Whether you’re a contractor or a small business owner, working for yourself comes with its pros and cons.
For many people, the independence and flexibility that come with self-employment far outweigh the downsides. In fact, a study by the Centre for Research on Self-Employment found that self-employed people enjoy higher levels of job satisfaction than employed people.
All the same, being your own boss can come with its difficulties, whether that’s handling uncertainty or saving for the future. Knowing how best to handle these obstacles can help minimise the stress they cause, so you can enjoy the many positives of being self-employed.
According to a survey by the Federation of Small Businesses, 44% of self-employed people consider a lack of certain earnings to be one of their main challenges.
Without knowing how much income you’ll have from month to month, it’s hard to make long-term plans and feel secure about your future earnings.
One way to handle this uncertainty is to keep detailed records, which will put you in a better position to monitor and forecast your business’ performance.
Late payments of invoices can also cause serious disruption to cashflow, so make sure to invoice your customers promptly and be completely clear about your payment terms.
Digital bookkeeping software can be a useful tool for keeping track of all this. For example, we recommend that our clients use KashFlow, which allows you to manage your finances, accounts and invoices online.
Getting a mortgage
Buying a house is a mountain to climb for most people, but being self-employed can present some additional challenges when you’re applying for a mortgage.
Since self-certification mortgages were banned in 2011, all mortgage lenders will require you to prove your income. This is easily done as long as you have accurate records to hand.
As evidence of your income, you’ll usually need to show the lender your business accounts, signed off by a chartered accountant, and tax returns over a 2 or 3-year period.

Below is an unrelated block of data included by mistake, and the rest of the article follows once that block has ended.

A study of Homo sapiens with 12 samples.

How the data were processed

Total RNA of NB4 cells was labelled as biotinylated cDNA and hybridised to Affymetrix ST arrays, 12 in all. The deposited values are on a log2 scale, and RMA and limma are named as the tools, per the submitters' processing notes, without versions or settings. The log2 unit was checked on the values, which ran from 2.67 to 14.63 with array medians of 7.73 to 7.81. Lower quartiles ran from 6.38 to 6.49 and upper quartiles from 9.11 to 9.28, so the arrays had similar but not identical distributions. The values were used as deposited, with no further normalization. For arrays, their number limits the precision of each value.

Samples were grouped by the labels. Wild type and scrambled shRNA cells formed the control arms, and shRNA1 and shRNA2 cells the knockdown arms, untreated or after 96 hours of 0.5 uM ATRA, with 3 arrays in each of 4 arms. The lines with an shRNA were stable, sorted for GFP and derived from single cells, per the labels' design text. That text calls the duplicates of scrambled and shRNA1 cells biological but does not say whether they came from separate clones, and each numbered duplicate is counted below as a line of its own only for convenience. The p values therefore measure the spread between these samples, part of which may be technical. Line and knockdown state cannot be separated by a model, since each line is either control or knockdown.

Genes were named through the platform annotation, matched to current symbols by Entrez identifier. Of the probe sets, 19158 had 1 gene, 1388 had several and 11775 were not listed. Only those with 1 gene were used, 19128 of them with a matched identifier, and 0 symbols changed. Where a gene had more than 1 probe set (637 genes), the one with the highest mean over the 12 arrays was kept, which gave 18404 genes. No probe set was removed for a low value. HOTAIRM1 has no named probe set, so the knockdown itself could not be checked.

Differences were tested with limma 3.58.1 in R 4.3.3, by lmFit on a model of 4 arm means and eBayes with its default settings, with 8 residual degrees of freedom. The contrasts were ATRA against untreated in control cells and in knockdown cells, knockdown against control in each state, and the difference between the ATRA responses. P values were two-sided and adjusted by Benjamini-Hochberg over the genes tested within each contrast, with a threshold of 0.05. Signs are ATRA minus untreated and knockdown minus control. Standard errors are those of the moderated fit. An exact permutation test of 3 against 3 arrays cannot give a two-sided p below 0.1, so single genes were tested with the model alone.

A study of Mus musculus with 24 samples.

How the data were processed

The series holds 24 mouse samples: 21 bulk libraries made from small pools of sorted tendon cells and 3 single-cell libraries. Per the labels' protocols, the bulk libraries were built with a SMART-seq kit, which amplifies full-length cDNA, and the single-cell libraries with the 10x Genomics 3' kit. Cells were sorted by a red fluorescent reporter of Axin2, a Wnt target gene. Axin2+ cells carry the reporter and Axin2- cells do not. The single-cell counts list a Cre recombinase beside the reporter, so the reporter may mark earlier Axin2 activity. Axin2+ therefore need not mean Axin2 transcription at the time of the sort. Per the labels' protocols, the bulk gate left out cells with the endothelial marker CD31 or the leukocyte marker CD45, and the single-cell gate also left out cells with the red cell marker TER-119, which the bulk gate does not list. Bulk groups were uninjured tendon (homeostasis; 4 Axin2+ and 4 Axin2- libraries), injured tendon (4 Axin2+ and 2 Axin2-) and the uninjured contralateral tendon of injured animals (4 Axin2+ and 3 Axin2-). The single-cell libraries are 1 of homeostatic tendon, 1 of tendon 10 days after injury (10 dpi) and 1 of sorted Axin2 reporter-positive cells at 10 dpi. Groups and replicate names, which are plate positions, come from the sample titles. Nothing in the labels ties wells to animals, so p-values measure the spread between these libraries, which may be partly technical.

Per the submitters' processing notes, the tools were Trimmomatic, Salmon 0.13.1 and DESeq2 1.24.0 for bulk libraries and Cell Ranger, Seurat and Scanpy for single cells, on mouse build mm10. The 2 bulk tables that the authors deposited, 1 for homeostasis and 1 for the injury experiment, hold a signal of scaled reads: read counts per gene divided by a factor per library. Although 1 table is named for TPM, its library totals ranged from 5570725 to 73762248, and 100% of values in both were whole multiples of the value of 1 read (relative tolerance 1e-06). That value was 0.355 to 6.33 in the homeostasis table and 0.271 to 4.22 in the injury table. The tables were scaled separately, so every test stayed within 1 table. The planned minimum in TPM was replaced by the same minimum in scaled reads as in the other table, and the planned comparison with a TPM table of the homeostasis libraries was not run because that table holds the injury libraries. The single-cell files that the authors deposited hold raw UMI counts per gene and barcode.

In some cases, you may also need to provide business projections for the financial year to prove your earnings will continue at the same level or higher over a sustained period of time.
As with anyone buying a home, saving up a substantial deposit and maintaining a good credit history will put you in the best position to get a good deal on your mortgage.
Saving into a pension
Most people who are employed make regular savings into their workplace pension without even thinking about it.
But if you’re self-employed, you’ll be responsible for setting your pension up yourself.
There are a few different options to choose from when you’re setting up a personal pension, including:
- ordinary personal pensions
- stakeholder pensions
- self-invested personal pensions.
The best type for you will depend on your individual circumstances and investment preferences, so don’t hesitate to ask us if you’re not sure.
Although you miss out on employer contributions to your pension, you’ll still get government tax relief on your own contributions.
Covering sick pay
Without the benefit of statutory sick pay from an employer, you’re responsible for covering your own days off.
This could be a case of making sure you have savings set aside in case you fall ill and are unable to work. Alternatively, you could consider taking out an income protection policy, or other personal insurance to cover for illness or injury.
Get in touch
We can help you tackle your financial challenges and make the most of being self-employed.